Tuesday, December 20, 2011

Lessons Learned: A Turn for the Worse—Part 2

A routine passage turns tragic.

Excerpt from U.S. Coast Guard Proceedings of the Marine Safety & Security Council magazine by Ms. Carolyn Steele.

Pre-collision: Aboard the Yacht

On Sept. 19, 2006, the Essence, a 92-foot sailboat, was anchored in Newport, R.I., preparing to depart for Greenwich, Conn., on a southwesterly course. There were three people aboard: a captain, a mate, and a cook.

Earlier in the day, the mate had been ill with flu-like symptoms and had gone to Newport Hospital, where he was prescribed an antibiotic and a decongestant. He was asleep when the vessel departed Newport at 6 p.m.; the captain was at the helm. The yacht was equipped with two VHF radios, two radar units, a chart plotter, and a GPS unit.

When the vessel departed Newport, one VHF radio was on monitoring channel 16. The other unit, the Automatic Radar Plotting Aid was off; there was no radar reflector set. The vessel was motor sailing; both engines were engaged and the mainsail was set. All lights were working properly.

At 2 a.m., on September 20th, the mate began his watch, and the captain went below to the main salon on the port side to get some sleep. Shortly afterward, the mate noted a vessel ahead, which he believed was about 10 miles away. As he approached, he saw a ship’s green light and two white lights; his first impression was that the ship was on a path to cross his bow from port to starboard. He had visual contact; he did not use the yacht’s radar to track the cargo ship’s movements.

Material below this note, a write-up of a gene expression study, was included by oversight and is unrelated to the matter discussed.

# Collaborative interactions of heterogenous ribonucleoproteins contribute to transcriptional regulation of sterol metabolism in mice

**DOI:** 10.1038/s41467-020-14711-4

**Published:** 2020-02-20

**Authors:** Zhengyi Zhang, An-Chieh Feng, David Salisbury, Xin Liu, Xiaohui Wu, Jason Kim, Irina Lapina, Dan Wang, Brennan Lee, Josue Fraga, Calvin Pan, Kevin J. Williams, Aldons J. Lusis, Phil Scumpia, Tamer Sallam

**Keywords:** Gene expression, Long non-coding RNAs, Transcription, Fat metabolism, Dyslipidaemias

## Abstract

An approaching vessel
At 4:04 a.m., the mate called to the larger vessel on VHF. The pilot on the cargo ship acknowledged him after his second call, and the mate told the pilot that the cargo ship’s port light was out. The mate on the yacht believed he was looking at the bow of the cargo ship, and adjusted his course slightly—approximately 10 degrees to starboard—to show the ship his port side, and to make what he believed would be a port-to-port passage.

The pilot on the larger vessel then called over the radio and asked if the yacht was going to stay clear. After assuring the cargo ship’s pilot that he would do so, the mate made an abrupt 70 to 90 degree turn to starboard without changing speed. Less than 30 seconds later, the two vessels collided.

The captain of the yacht was awakened by the explosive sound of the cargo ship’s bow breaking though the hull of the yacht. The smaller craft was now pinned to the bulbous bow of the cargo ship. The yacht’s captain ran to the pilothouse, where he discovered both other crewmembers awake and uninjured.

All three donned life jackets, but because of the impact site and the collapsed mast and rigging, they could not reach the life raft. The yacht had been towing astern a small 14-foot rigid hull inflatable tender, but the tender’s line had looped so tightly beneath the yacht’s hull that it could not be removed. The captain told the mate to swim over to the tender and use it as a rescue boat. Once aboard the tender, the mate found that he could not start the engine.

In part 3 we will present the results of the collision.

For more information:
Full article is available at http://www.uscg.mil/proceedings/fall2010.

Subscribe online at http://www.uscg.mil/proceedings/subscribe.asp.